Embed Your Desired Culture with Social Rituals

Embed Your Desired Culture with Social Rituals - People Development Network
Embed Your Desired Culture with Social Rituals - People Development Network
S Chris Edmonds
S. Chris Edmonds is a speaker, author, and executive consultant. He shares insights on organizational culture, servant leadership, employee engagement, and workplace inspiration. He writes books and articles and records podcasts. In his free time, he's a working musician with the Brian Raine band in Denver, CO.
S Chris Edmonds

@scedmonds

Speaker & consultant with own firm & @kenblanchard. Author: The Culture Engine & 6 other books. @BrianRaineBand mate. @iStock photog. Blogger, pod/video caster.
Secure clear agreements. Ask questions to ensure alignment. #Quote #Leadership https://t.co/ifPi9SSgyR - 6 mins ago
S Chris Edmonds
S Chris Edmonds


How are leaders in your organization reinforcing your desired culture?

Most leaders spend more time on their team or company’s products and services than they do to their organizational culture – yet culture drives everything that happens in your team or department, good or bad.

Effective workplace environments – where performance and values are equally measured, monitored, and rewarded – require the leader’s intention and attention, daily.

One effective way to to be intentional about the quality of your team culture is to use social rituals.

Human communities have used social rituals for centuries. Rituals can help embed and reinforce your team or department or company’s purpose, values, and valued behaviors.

However, few leaders leverage workplace rituals as an intentional strategy to define and reinforce a company’s desired culture. Rituals are a proven approach that’s fun, easy, and powerful.

Typical Rituals

Effective social rituals in the workplace are events which communicate and reinforce desired performance and values. Common rituals in workplaces around the globe include:

  • All-company meetings
  • Department celebrations
  • Voicemails or videos from leaders
  • Anniversary/Service award events
  • Customer conferences

These events vary in how effective they are at reinforcing your desired culture. Emphasizing just one of these might not have the strongest positive effect! A variety of social rituals will have a more far reaching, deeper affect.

Intentional efforts ensure that all of your workplace rituals create a common bond, inspire commitment and innovation, and build the “finely woven cloth” of a high performing, values-aligned culture. Humans need a source of workplace connectedness or they lose focus and engagement.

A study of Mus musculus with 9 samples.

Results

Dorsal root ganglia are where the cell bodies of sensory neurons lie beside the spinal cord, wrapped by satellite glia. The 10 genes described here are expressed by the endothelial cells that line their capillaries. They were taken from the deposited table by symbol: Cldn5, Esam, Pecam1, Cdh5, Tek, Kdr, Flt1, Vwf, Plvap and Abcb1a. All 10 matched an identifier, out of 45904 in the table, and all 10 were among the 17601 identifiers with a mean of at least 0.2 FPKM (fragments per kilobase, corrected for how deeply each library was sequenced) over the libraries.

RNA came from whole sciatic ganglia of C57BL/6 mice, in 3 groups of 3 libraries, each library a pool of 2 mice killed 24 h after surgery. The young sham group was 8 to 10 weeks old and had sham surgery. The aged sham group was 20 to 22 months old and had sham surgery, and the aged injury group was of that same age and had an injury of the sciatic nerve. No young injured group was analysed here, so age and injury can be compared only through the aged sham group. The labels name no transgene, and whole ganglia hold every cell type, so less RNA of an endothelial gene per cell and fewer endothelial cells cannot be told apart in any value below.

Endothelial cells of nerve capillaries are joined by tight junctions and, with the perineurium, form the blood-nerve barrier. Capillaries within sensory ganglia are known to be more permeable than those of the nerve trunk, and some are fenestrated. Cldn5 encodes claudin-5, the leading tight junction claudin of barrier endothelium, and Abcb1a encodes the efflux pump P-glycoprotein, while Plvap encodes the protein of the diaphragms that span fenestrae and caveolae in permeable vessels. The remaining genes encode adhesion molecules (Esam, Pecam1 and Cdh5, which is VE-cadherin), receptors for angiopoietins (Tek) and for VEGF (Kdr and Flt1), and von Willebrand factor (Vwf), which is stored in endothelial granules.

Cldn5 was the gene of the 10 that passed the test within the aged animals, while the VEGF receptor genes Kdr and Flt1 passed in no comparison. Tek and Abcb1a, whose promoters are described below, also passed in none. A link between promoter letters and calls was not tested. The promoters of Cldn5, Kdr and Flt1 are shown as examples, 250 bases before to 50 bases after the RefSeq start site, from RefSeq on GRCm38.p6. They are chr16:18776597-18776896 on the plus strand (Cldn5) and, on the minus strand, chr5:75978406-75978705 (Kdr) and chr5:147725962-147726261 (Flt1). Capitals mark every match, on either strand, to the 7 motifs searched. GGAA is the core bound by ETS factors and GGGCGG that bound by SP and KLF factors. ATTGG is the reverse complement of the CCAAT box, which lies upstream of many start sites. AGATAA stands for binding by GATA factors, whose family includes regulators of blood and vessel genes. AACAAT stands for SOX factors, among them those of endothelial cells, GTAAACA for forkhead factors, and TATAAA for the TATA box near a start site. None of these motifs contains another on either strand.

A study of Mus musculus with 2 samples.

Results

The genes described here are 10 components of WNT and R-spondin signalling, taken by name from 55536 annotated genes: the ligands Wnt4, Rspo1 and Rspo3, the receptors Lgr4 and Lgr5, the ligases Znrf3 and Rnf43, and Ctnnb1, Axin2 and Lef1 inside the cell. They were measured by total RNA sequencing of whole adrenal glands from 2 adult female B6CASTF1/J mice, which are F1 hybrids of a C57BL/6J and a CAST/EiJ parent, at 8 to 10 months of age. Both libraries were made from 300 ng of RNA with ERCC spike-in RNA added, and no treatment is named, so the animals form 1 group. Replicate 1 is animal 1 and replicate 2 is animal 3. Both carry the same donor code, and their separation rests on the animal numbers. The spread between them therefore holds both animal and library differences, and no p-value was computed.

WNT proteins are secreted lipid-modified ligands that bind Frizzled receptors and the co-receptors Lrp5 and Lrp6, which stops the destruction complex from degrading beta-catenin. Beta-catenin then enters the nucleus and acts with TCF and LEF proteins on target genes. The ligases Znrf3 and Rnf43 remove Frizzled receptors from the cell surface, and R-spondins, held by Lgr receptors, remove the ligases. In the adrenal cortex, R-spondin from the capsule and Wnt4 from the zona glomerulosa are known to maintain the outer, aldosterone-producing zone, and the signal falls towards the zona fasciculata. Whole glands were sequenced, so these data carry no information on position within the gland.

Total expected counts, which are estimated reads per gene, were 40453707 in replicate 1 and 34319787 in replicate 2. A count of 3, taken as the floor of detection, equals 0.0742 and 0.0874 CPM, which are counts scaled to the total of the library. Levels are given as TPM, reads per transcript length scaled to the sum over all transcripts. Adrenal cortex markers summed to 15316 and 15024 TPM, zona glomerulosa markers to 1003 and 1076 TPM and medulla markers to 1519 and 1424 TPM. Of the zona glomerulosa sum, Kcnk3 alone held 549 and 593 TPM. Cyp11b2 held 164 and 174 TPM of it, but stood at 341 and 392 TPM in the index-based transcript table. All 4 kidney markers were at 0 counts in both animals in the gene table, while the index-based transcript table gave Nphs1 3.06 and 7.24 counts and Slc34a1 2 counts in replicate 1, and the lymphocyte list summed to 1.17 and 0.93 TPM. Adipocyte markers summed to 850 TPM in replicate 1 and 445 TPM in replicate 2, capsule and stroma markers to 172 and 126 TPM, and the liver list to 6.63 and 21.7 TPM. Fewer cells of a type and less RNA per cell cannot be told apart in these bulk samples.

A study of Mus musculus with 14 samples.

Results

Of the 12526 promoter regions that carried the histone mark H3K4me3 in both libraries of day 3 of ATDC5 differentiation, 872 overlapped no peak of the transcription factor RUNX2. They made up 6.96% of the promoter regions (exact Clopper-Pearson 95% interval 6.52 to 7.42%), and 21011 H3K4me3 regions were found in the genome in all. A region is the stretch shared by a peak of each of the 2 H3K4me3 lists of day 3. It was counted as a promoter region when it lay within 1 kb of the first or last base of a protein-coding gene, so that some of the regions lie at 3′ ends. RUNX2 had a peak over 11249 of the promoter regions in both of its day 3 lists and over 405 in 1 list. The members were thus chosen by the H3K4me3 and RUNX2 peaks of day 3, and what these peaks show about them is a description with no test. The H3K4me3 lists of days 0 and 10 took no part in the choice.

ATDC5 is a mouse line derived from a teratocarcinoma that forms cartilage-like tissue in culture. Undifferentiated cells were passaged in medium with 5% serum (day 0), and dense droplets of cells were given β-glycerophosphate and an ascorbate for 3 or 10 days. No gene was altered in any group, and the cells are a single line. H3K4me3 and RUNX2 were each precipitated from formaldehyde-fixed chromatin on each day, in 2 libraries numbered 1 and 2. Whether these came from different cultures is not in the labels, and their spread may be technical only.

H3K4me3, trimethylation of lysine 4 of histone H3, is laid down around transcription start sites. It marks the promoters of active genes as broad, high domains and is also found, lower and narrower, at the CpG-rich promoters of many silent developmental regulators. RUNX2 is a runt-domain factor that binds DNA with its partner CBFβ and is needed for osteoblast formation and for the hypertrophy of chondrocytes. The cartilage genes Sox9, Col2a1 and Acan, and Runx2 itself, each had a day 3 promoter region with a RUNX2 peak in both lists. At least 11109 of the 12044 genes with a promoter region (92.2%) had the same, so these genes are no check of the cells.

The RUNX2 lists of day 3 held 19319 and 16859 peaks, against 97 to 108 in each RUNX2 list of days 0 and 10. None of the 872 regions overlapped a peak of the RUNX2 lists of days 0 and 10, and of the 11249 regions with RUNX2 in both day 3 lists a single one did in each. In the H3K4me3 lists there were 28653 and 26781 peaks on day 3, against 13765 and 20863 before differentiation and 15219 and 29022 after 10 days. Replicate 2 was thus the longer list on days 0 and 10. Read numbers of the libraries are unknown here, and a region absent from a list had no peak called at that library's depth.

Organizations are Human Systems

Your team or department isn’t just the structure, systems, and output. Organizations are made up of humans who perform needed roles to deliver products and services that meet (or exceed) customer’s requirements. Humans – hearts beating, brains pondering, skills being applied – are the core of your business. Just as your automobile needs the engine tuned and oiled, the tires inflated properly, the brakes adjusted regularly, etc., the people in your organization need proactive tending to maintain peak performance and inspired engagement.

Two vital social rituals include communication and celebration.

Communication Rituals

Communication rituals focus on educating participants about your business strategy, market environments, opportunities, company performance, insights about customers, new solutions in process, celebrating efforts and accomplishments, etc. Powerful communication rituals address these primary outcomes while building human connectedness.

Effective leaders communicate often. An update once a week is the minimum required. Some leaders do a daily huddle – a live, standing five-minute meeting each morning to update team members on successes, opportunities, projects, and such. When team members are geographically dispersed, they do a daily voicemail to everyone.

Celebration Rituals

As noted above, sometimes communication rituals include celebration elements, which is a great thing. Celebration rituals are not exclusively the responsibility of “all company” events – these rituals are very powerfully utilized by leaders of teams, departments, and regions. Celebration rituals include:

  • Birthdays
  • Service Anniversaries
  • Project completion
  • Small wins (along the path to project completion)
  • “Open Forum” lunches that feature Q&A on how things could be done better on the team

These social rituals can not only shift your organization towards your desired culture but they are critical pieces in maintaining your desired culture.

Don’t leave the quality of your workplace environment to chance. Embrace these social rituals to help your people feel valued, connected, and informed about the opportunities ahead.

Repurposed from a December 2010 post on Driving Results Through Culture.